WATCH maggots munch on liver. Stand in the path of a flash flood. Roam around a kelp forest. Nearly 10 years in the making, the US$165 million Ecosystems Experience opened recently with its one-of-a-kind view of the world at the California Science Center. And it's free.

Plants, animals and do-it-yourself science take up nearly every inch of the two-story, 4,180-square-meter exhibit in Exposition Park, south of downtown. Temperatures, lighting and learning change in the 11 environments on display in this combination aquarium, zoo, school and arcade.

The highlight is a 7.3-meter-long transparent tunnel through a 711,640-liter tank that puts you face to face with 1,500 horn sharks, swell sharks, giant sea bass, wolf eels, bat rays and other fish swimming in a kelp forest.

Most people know kelp as the "slimy stuff covered with flies that piles up on beaches," says ecology curator Charles Kopczak, aka "Dr Kelp." But viewing scores of 6-meter fronds that grow as much as a foot a day is enlightening and awe-inspiring.

"The beautiful golden brown color with sunlight filtering through, fish swimming calmly between the fronds, creates a very beautiful image," he says.

Kids amazed or grossed out to learn that kelp can be found in everything from beer to toothpaste to ice cream may also get a charge out of the Rot Room - with its flesh-eating beetles, maggots, camel crickets, sow bugs, millipedes and roaches.

"These larvae are ravenous," says Shawna Joplin, keeper of the arthropods, as she looked in on beetles. The smallest of her charges is an ant and the largest a "really cool," 20-centimeter giant Sonoran centipede.

Forensic entomology, made popular on shows like "CSI," "NCIS" and "Bones," is a huge draw for kids. For example, the beetles are the same used by forensic teams to clean skeletons and the flies are those used to determine time of death.

In the Desert and Flash Flood area, a "splash zone" puts you in the path - but out of harm's way - of a torrent. It all starts with lightning, thunder and a trickle, then 13,250 liters of water gush down, smash into some fake rocks, and flow into a filtering system that prepares it to strike 10 minutes later.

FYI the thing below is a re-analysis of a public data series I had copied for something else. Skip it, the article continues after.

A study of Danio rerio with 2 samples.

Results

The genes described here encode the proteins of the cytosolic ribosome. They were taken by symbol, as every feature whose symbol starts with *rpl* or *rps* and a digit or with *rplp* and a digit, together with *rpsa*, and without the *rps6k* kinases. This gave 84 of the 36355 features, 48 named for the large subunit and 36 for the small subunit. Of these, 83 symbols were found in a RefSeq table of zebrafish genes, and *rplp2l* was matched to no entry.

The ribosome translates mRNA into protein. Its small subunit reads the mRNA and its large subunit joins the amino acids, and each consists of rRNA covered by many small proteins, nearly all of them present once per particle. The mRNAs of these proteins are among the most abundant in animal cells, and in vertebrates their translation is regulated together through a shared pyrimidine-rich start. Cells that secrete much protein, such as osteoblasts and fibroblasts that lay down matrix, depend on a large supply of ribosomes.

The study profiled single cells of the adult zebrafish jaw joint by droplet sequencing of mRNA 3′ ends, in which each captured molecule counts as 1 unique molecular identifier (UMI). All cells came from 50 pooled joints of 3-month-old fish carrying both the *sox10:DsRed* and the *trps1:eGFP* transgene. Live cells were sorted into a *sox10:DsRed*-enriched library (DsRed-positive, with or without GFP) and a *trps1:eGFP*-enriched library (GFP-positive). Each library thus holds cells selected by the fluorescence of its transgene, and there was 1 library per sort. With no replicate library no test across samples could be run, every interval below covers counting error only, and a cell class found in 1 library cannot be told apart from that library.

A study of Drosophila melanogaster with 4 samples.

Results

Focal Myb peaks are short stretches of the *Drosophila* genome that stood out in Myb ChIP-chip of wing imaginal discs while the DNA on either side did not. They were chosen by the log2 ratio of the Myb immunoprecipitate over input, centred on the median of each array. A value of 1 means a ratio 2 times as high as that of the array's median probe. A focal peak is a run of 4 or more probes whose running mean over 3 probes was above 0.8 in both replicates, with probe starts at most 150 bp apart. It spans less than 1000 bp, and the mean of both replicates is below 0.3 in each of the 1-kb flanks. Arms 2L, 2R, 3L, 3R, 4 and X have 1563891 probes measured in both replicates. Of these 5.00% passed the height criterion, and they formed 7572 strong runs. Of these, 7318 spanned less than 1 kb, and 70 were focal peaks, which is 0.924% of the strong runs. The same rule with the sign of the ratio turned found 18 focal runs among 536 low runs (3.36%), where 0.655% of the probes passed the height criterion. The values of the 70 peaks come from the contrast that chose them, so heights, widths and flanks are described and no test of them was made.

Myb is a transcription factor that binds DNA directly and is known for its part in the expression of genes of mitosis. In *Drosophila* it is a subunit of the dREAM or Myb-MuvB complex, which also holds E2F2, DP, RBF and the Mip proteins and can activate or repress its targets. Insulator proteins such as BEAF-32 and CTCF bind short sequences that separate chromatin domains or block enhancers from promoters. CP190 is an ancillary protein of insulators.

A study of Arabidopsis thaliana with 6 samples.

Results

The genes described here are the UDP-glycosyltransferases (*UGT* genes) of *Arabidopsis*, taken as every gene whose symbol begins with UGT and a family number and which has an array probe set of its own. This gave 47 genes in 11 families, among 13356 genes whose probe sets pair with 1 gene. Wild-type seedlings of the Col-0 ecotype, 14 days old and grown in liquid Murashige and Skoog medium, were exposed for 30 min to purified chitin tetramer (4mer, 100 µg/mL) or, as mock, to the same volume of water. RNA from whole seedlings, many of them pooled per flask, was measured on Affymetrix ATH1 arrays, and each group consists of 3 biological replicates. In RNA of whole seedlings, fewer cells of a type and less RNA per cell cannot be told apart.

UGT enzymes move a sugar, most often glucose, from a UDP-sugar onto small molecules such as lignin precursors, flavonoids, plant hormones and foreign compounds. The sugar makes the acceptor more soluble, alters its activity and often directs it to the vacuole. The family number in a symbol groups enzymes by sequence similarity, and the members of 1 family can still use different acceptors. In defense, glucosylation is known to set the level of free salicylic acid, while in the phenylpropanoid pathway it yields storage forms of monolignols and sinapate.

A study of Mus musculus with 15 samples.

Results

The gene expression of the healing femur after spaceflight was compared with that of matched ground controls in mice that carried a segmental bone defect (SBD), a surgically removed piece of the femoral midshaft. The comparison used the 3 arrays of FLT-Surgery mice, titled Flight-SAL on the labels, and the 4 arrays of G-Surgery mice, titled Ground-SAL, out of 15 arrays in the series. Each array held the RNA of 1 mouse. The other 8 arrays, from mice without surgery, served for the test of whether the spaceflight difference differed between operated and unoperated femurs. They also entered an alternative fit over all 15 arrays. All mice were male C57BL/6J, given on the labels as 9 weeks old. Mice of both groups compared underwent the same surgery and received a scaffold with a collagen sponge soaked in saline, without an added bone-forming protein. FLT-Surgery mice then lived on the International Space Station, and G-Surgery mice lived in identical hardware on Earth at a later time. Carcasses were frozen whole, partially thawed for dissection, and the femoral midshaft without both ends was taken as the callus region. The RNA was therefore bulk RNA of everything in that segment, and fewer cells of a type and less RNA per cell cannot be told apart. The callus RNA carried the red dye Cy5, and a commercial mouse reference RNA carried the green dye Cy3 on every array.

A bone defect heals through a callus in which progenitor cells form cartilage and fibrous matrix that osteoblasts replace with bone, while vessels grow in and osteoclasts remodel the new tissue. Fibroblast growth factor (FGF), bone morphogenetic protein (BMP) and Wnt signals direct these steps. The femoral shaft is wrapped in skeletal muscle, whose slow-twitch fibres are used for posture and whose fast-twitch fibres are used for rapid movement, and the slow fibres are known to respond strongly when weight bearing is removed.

A few feet away, desert tortoises, chuckwallas that sit on heated rocks and scorpions give visitors a close look at desert dwellers.

The kelp forest was the biggest challenge to create because salt water had to be hauled by barge and truck, but the critters had to clear red-tape hurdles. Most every fish, animal and organism required a permit or license.

"For many insects and things, especially those that like to eat crops, the USDA is very concerned about you having them and the permit process takes longer than you expect," Kopczak says.

A group of Cub Scouts working on a restocking project donated their young trout to a display in the River Zone, where the fish munch on water striders, giant water bugs and dragonfly nymphs.

In the Extreme Zone, visitors learn how species adapt to the harshest of conditions, the Island Zone shows how species behave in isolation, and the Global Zone looks at the way heat, population and wind patterns affect the world.

The science center was already the most attended museum in Southern California with 1.4 million visitors a year, says Jeffrey N. Rudolph, president and CEO of the science center. Ecosystems nearly doubled the exhibition space and Rudolph says they expect at least 2 million people in the coming year.

The museum is unique in a lot of ways, but it's got something shared by a lot of museums these days: debt. The museum still needs US$20 million in donations to pay off bonds purchased to build it. Rudolph is confident, though, people will give when they see it.

Susan Hackwood, executive director of the California Council on Science and Technology, says the cost was "dollars well spent."

"The whole notion of hands-on, getting your hands wet, bringing the learning environment right up front and personal so you can smell the kelp so to speak, is exactly correct and makes a big difference in a child's life," she says.

Ecosystems is the second phase of a three-part, 25-year master plan to reinvent the former California Museum of Science and Industry.